The hotel changing the way people with disabilities can go on holidays

Kristine Tarbert
Lifestyle & Entertainment Producer

A new resort in Sydney is set to change the way people with disabilities holiday forever.

Sargood on Collaroy is a resort in Sydney’s Northern Beaches which has been specifically designed for people with spinal cord injuries [SCI], that have left them needing a wheelchair.

The fully-accessible resort can be a life-changing experience for people who may feel restricted on where they can go to relax with friends and family due to their injury.

It can even act as a stepping stone for people leaving hospital post-injury, before they need to face the reality of their new life at home.

Sargood on Collaroy is a resort in Sydney’s Northern Beaches which has been specifically designed for people with spinal cord injuries. Photo: Sargood

Someone who says he could have hugely benefited from a place like Sargood is Sam Bailey, who was in a car accident when he was 19, leaving him as a C6/C7 quadriplegic with only limited use of his arms and hands.

“Back when I was injured, I finished rehab and was then thrown into the big wide world and it was absolutely terrifying,” Sam tells Be, while enjoying a stay at Sargood for the first time.

“Coming here I realised how much of a difference it would have made, not only to me, but thousands of others like me. You can come here just to break the ice.”

Sam regularly travels the country with his wife Jenny speaking at schools about how he overcame his injury, and said that hotels around the world should use Sargood as a role model.

“The facility here is just incredible,” Sam tells us.

Sam Bailey was in a car accident when he was 19, leaving him as a C6/C7 quadriplegic. Photo: Supplied/Sargood

“The best thing about the room is you wouldn’t know it’s a disabled room. They have done it so well.

“We do a lot of speaking across the country and you do roll into rooms sometimes in hotels that are just so hospitalised. There is steel and bars and it looks terrible.

“This will be a role model for not only spinal units in Australia and around the world, but for other things and people with other injuries.”

The resort offers fully accessible self-contained apartments. Photo: Sargood
Electronic adjustable beds, height adjustable vanities, discreetly designed ceiling hoists are all standard. Photo: Sargood

The resort offers fully accessible self-contained apartments, a wide range of recreation and leisure activities tailored for people with SCI, a state-of-the-art gymnasium and specialist staff who are skilled in support and rehabilitation for people living with spinal cord injuries.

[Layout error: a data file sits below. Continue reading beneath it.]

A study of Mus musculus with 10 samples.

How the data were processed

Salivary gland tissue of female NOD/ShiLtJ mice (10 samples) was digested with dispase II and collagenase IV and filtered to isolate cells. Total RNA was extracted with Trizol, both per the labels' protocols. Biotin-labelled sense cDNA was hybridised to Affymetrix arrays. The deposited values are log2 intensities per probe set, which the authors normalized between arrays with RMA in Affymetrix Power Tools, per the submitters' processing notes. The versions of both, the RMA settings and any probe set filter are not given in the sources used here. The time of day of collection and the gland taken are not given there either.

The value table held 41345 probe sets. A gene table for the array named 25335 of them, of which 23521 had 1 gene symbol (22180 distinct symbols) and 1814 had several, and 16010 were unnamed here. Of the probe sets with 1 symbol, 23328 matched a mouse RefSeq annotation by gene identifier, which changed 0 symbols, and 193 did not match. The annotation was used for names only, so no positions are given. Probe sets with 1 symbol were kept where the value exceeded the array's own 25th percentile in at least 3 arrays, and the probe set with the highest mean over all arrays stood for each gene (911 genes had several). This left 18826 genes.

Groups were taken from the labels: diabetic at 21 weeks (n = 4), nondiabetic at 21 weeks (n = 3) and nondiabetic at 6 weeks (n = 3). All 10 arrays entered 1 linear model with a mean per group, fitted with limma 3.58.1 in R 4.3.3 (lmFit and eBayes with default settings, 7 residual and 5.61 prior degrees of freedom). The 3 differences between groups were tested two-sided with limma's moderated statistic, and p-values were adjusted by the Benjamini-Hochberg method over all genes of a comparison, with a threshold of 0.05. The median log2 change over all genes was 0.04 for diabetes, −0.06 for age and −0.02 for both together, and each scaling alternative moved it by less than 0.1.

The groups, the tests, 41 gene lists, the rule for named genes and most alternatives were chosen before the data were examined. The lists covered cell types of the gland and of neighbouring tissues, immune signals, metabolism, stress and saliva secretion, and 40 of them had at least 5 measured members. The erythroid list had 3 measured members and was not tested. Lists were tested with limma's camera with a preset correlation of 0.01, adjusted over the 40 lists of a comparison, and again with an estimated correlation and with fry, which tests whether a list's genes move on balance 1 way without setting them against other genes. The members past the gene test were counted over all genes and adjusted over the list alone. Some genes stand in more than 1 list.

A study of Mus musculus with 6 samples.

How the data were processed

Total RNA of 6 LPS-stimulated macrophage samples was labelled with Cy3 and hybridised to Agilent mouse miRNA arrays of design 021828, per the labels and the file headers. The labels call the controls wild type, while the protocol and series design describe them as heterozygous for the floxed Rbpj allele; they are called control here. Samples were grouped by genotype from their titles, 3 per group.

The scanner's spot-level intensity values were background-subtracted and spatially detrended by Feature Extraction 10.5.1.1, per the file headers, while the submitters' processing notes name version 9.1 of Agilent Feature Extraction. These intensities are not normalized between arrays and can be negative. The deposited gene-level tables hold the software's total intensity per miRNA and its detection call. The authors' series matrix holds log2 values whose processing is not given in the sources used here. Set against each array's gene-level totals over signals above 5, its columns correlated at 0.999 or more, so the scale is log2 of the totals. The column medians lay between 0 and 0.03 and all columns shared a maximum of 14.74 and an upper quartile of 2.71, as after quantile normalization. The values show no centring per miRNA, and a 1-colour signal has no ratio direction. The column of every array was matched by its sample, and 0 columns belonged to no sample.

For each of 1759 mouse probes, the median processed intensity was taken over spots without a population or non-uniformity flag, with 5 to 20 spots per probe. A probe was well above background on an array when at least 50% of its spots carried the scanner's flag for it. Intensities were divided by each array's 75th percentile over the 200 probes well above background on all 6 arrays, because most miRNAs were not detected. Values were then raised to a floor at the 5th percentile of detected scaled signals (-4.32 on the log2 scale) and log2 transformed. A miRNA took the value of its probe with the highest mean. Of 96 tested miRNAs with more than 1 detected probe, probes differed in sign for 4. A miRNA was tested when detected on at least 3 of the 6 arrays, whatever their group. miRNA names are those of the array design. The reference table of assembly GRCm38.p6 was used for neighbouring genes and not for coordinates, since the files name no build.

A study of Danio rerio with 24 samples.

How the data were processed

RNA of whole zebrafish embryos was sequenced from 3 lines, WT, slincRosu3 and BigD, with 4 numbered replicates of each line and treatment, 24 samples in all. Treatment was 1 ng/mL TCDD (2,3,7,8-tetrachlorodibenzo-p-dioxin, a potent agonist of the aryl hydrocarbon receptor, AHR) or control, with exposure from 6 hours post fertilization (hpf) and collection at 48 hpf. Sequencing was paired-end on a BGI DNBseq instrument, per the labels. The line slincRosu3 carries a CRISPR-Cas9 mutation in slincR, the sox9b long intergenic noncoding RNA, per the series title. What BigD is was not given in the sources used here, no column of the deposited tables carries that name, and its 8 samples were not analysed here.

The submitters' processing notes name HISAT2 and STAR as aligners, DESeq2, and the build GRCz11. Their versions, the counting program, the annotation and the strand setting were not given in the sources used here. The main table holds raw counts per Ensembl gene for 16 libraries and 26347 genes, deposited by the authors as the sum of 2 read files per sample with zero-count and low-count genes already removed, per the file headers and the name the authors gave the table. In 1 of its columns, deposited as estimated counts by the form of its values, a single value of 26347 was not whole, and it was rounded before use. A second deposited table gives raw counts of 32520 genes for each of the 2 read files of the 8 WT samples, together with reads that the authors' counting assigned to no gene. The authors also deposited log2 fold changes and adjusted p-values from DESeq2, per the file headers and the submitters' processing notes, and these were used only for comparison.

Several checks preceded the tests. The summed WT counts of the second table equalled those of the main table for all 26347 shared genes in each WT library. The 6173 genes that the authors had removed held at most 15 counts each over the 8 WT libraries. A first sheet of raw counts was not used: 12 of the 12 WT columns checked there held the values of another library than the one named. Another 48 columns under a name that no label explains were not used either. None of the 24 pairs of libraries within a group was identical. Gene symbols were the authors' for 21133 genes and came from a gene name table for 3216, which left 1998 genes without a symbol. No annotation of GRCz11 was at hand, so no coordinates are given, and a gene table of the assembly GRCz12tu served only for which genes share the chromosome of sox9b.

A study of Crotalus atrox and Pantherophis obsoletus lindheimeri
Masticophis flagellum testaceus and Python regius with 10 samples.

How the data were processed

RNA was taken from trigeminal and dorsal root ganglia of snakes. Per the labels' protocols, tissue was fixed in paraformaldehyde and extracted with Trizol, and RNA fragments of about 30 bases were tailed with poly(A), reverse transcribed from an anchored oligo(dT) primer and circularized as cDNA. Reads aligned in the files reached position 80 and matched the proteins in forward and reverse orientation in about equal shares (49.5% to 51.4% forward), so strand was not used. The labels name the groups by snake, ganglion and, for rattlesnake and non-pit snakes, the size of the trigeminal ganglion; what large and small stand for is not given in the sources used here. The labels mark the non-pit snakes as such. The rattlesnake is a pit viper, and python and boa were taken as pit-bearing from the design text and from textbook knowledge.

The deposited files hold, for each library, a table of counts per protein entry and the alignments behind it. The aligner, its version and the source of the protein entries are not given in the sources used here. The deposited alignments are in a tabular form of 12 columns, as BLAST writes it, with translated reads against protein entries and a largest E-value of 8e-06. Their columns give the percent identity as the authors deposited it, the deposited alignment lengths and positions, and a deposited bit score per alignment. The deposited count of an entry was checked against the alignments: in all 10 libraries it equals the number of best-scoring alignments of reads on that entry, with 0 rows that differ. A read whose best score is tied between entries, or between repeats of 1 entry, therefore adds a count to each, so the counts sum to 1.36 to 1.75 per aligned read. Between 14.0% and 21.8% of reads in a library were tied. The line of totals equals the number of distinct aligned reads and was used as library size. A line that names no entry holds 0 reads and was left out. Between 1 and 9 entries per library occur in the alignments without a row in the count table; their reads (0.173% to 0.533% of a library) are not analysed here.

Rod MacQueen AM, former rugby coach of the Wallabies, is part of the Sargood Foundation and played a major role in getting the project off the ground.

“Every space in the building is completely accessible,” Rod tells Be. “While disabled rooms in your typical hotel are sometimes practical in terms of their layout, they’re often in a hotel where not all parts of the hotel are accessible – like stairs to the pool area, gym or restaurant – which can be very frustrating for guests in wheelchairs.

The entire property is wheelchair accessible. Photo: Sargood

“When you add to this the fact that they’re usually tucked away in a corner somewhere with a view of the car park, they don’t always make for the most appealing option.”

Electronic-adjustable beds, height-adjustable vanities, discreetly designed ceiling hoists, as well as a selection of shower chairs to suit each guest’s needs are available in every room.

“The impressive thing about Sargood is that it includes all the accessibility features and specialised equipment without compromising on form. It still looks and feels like a high-end resort,” Rod says.

Multiple focus groups were involved in the design of the centre, and the biggest issue was people didn’t want the rooms to feel clinical.

Sam still remembers the exact moment after his accident when he realised he was no longer “6ft tall and bulletproof” and needed to accept “people would now stop and stare and I would have to ask for help”.

Sam hasn’t let his injury hold him back. Photo: Facebook/Sam Bailey

But since his accident he has lived an exciting life, he eventually taught himself how to ride a quad, and devised hoists so he could continue work on the farm. He’s climbed Mt Kosciuszko and learned how to fly an ultralight aircraft.

He says none of it would be possible without the support of his family, and the love of his life Jenny, who has been by his side for the past 18 years.

Sam and Jenny have been together for 18 years. Photo: Sargood

He hopes Sargood will give others the opportunity to see that having an injury is not the end of the road.

“The benefits it offers to not only patients but their families as well are incredible, because your family deal with an injury as well; it’s a life-changing incident,” Sam says.

“If you have a spinal cord injury out there and you want to do something amazing, check out the Sargood centre. Have a night or two here and it will change your life.”